Final stages of lung cancer means when the can has spread to distant sites or organs. The symptoms of final stage lung cancer may be local symptoms due to lung mass or symptoms of distant spread, depending on the site or organ of spread.
Symptoms of Local Spread of Lung Cancer
Chronic cough that does not respond to treatment and gets worse with time may be a sign of lung cancer. It may be dry cough or associated with sputum production, due to underlying infections. Sometimes, it may contain blood.
Pain in the chest
Pain in the chest that gets worse while coughing may be due to lung cancer. A superficial lung mass may involve the parietal pleura covering around the lung, which is pain sensitive.
Irritation or rubbing of the parietal pleura by lung mass, like on deep inspiration or coughing may cause chest pain or discomfort.
Blood in sputum
Blood in sputum or phlegm may be another indicator of lung cancer. It may be blood tinged or grossly red in colour, depending on the amount of blood in sputum.
This usually happens when the lung mass erodes into the airway, and is more common with centrally located lung cancer compared to peripheral ones.
Hoarseness of voice
Sometimes, lung mass may irritate or involve the recurrent laryngeal nerve. This nerve mainly passes through the thoracic cavity and supplies the larynx or voice box. Hoarseness of voice may result from it’s involvement by tumor.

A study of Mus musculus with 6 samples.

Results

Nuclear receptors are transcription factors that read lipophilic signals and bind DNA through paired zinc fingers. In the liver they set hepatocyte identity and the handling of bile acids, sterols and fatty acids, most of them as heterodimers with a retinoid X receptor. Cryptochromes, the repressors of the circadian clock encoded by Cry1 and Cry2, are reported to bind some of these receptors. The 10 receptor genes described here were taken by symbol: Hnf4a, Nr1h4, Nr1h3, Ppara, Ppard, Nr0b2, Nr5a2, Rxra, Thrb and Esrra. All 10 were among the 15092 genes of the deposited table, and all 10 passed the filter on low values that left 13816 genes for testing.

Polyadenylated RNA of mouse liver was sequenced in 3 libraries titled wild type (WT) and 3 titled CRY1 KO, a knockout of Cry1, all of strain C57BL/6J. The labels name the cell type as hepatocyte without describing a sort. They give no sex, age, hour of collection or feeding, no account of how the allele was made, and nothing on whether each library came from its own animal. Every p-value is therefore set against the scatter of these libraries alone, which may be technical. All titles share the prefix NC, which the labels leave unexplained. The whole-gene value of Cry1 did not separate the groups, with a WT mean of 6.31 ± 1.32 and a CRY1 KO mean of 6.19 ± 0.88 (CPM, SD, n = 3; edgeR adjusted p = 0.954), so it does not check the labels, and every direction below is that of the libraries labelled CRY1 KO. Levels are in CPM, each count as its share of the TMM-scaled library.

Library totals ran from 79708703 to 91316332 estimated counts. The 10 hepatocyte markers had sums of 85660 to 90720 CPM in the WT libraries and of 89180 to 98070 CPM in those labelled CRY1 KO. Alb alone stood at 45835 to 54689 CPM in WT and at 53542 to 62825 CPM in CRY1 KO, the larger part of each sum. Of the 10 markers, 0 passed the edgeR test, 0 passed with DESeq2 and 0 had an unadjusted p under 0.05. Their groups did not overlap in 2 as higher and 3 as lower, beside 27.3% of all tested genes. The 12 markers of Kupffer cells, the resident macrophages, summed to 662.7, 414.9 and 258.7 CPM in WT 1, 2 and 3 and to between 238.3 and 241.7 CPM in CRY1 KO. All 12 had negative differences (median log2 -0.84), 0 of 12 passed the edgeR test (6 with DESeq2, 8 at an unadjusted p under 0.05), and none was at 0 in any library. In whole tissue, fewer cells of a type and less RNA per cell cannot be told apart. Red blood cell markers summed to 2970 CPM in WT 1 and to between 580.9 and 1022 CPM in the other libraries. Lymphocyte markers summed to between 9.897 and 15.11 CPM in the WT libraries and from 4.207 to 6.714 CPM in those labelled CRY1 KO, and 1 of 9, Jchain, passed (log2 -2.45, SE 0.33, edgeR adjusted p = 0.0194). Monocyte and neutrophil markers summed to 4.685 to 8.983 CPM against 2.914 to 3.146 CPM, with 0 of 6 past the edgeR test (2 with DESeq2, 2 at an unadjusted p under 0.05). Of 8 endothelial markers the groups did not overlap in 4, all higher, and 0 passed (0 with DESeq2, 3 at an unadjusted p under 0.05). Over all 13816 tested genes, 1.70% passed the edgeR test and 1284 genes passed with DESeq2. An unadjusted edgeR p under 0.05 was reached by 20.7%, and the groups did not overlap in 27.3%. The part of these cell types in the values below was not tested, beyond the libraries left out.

Shortness of breath or difficulty in breathing
A large lung mass that involves a large part of lung may limit it’s capacity to expand effectively. This may cause breathlessness, especially on exertion or activity.
Sometimes, there may be fluid collection in the pleural cavity surrounding the lung (pleura effusion). This may also restrict the expansion leading to this symptom.
Persistent or Recurrent Infections
Persistent infections like bronchitis or pneumonia that do not respond to treatment may be due to lung mass obstruction the airway and causing the lung secretions to stagnate. This may cause superadded bacterial or viral infections that may be difficult to get rid off at times.
Symptoms of lung cancer may also depend upon the size and location of the disease. Large tumors may produce symptoms due to compression of adjacent structures, for example, compression of the esophagus may cause difficulty in swallowing and compression of the superior vena cava may cause facial edema.
Symptoms of Distant Spread of Lung Cancer
Approximately 30% to 40% of NSCLC and 60% of SCLC patients present with metastatic disease. The most common sites of hematogenous spread are CNS, liver, bones and adrenal glands. Diffuse meningeal involvement is uncommon at the time of initial presentation, but it may be seen later in the course of the disease, particularly with SCLC. The lymphatic spread of lung cancer may manifest with cough and dyspnea, depending on the extent of parenchymal involvement
- Bone pain or fractures – if lung cancer has metastasized to bones.
- Jaundice, Fatigue, Nausea, or bloating – if lung cancer has metastasized to the liver.
- Vision issues, severe headaches, or seizures – if lung cancer has metastasized to the brain.
- Cough, breathlessness, and chest pain.
- Loss of appetite.
Lung metastasis are more commonly multiple than single, and bilateral than unilateral.
Some cases are associated with a group of specific symptoms (or syndromes) like Horner syndrome, superior vena cava syndrome, or paraneoplastic syndrome.